Unfortunately, after a DWI case many times a defendants becomes so broke that bankruptcy is his only option. A DWI defendant must be warned that a DWI conviction often creates many collateral consequences that could ruin his life, or make life more miserable. There are heavy fines and massive surcharges for a DWI conviction. In many DWI cases a person will get fired from his job after getting a DWI conviction. Finally, for some people a DWI conviction may ultimately trigger a divorce or a separation. The cold reality is that a DWI conviction often causes a “chain reaction” that forces a person to file for bankruptcy.
New Jersey is one of the the only states that imposes surcharges. Our surcharge system is the most harsh in the United States. The surcharge system is a unique invention by the Garden State that makes our home state uniquely miserable. There are many positive aspects about living in New Jersey. However, motor vehicle surcharges are not one of them. DWI defendants must also must be warned that a DWI conviction will in most cases triple their auto insurance bill(s). In many instances people just can’t afford to drive again. However, since mass transportation is terrible in New Jersey most people still drive anyway. Many of these defendants are busted once again for the charge of driving while suspended. This violation will create yet even more surcharges. In summary it is not uncommon at all for a repeat DWI defendant to have to pay $10,000 to $15,000 worth of surcharges. Please note that if you do not pay your surcharges, then the MVC will charge you even more interest and penalties. It is a rotten system! The surcharge system is really a form of double punishment. Many Municipal Court judges don’t agree with the surcharge system. However, they can’t change the law, and they have to comply with these laws.
On the bright side, New Jersey does not treat a DWI as a criminal offense. In New Jersey a DWI offense is still only considered to be a motor vehicle charge. In most states a DWI offense is a criminal offense. Therefore, in many other states if you are busted and convicted for a DWI then you will have a criminal record. The State of New Jersey does not give you a criminal record if you are convicted for DWI. However, the Garden State will fine and surcharge you until you are forced to file for bankruptcy.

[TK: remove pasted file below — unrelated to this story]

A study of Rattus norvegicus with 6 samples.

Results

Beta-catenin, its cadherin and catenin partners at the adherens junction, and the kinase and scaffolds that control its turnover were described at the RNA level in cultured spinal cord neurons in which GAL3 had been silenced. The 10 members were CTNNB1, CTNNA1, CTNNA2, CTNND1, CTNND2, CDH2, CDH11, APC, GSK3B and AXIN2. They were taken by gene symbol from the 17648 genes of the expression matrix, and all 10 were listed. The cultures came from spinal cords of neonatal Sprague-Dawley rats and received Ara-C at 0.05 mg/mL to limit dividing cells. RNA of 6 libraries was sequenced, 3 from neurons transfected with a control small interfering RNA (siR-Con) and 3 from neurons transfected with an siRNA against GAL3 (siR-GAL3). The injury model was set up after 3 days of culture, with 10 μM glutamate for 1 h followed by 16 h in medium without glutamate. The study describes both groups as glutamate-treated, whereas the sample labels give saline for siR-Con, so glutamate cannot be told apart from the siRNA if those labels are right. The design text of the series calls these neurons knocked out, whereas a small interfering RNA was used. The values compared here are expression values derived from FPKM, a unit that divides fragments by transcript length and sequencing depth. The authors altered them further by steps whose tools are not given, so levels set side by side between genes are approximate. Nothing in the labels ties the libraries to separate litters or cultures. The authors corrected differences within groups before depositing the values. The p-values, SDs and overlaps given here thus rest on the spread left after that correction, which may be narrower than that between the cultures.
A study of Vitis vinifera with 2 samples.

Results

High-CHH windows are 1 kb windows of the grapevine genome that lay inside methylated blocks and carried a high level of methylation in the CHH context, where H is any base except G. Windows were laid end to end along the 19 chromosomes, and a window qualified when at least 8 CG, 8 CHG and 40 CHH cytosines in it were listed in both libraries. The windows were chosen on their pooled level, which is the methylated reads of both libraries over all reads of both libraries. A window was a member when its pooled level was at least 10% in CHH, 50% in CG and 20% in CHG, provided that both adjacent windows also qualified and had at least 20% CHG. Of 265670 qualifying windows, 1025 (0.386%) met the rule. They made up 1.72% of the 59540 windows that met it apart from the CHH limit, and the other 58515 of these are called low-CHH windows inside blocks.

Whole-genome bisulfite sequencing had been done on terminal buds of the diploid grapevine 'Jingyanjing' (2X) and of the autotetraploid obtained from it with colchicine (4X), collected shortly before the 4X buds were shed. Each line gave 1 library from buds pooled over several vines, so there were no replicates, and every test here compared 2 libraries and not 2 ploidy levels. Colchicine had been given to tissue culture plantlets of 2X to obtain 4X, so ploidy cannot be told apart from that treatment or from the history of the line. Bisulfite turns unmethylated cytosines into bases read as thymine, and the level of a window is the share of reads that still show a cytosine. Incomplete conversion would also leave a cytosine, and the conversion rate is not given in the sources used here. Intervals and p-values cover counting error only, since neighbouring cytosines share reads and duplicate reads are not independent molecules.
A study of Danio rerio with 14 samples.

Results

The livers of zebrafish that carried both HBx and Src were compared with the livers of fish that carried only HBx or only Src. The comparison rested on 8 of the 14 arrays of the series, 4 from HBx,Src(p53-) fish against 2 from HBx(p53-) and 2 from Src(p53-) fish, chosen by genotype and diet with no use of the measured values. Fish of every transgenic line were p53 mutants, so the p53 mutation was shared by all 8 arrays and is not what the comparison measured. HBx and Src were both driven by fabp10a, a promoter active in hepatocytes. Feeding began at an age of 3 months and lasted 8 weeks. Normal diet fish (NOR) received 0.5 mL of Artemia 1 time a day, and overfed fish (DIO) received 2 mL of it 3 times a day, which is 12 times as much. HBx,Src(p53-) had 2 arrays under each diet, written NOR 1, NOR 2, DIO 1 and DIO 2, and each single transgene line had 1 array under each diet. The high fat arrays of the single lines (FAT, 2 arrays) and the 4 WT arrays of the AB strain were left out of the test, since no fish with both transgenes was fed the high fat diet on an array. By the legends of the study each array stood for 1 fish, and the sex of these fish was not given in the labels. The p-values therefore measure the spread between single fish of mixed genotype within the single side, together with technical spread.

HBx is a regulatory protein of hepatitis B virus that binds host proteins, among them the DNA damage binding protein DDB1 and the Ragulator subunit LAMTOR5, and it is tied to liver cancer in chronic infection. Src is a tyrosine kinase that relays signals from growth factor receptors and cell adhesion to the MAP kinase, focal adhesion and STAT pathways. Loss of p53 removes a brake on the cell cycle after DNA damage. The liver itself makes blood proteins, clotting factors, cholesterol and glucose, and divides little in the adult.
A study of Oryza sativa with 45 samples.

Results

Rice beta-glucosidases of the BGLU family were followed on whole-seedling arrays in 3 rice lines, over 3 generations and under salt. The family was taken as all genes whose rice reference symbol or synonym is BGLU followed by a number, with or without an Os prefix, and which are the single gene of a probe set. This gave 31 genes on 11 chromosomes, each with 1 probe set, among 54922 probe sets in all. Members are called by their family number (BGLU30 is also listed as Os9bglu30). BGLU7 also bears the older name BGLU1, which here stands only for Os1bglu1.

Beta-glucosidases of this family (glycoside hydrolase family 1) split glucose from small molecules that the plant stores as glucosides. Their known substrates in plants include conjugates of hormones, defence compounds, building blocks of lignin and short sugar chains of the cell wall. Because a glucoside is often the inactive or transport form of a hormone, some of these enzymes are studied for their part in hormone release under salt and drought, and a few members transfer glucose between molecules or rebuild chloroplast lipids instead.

Fortunately, filing bankruptcy can provide some relief to a DWI defendant. DWI fines are not dischargeable in any type of bankruptcy proceeding. These fines must be paid. If a person does not pay their DWI fines, then a bench warrant will be issued, and he will be picked and arrested by the police. However, surcharges can be partially discharged in bankruptcy. Surcharges can never be discharged in a chapter 7 case. If a person files a chapter 7, then the automatic stay will stop the MVC from their collection efforts to collect the surcharges. This automatic stay protection will only last for about six months, until the bankruptcy is over. Once the bankruptcy is over, then the MVC will start their collection efforts again. Many people are shocked when they realize that their surcharges are not wiped out in the bankruptcy.
On the bright side, most of the surcharges can be wiped out in a chapter 13 bankruptcy. Chapter 13 is a bankruptcy wherein a person has to pay a portion of their debt over three to five years. In most cases, a DWI defendant in a chapter 13 case can pay $50 a month for three years. If the DWI defendant makes all of the bankruptcy payments, then he will receive a discharge. Basically, the DWI defendant can have most of their surcharges wiped off if they make his plan payments. In summary, if a person has “mega” surcharges, then he must file for a chapter 13. A person can’t wipe out surcharges in a chapter 7.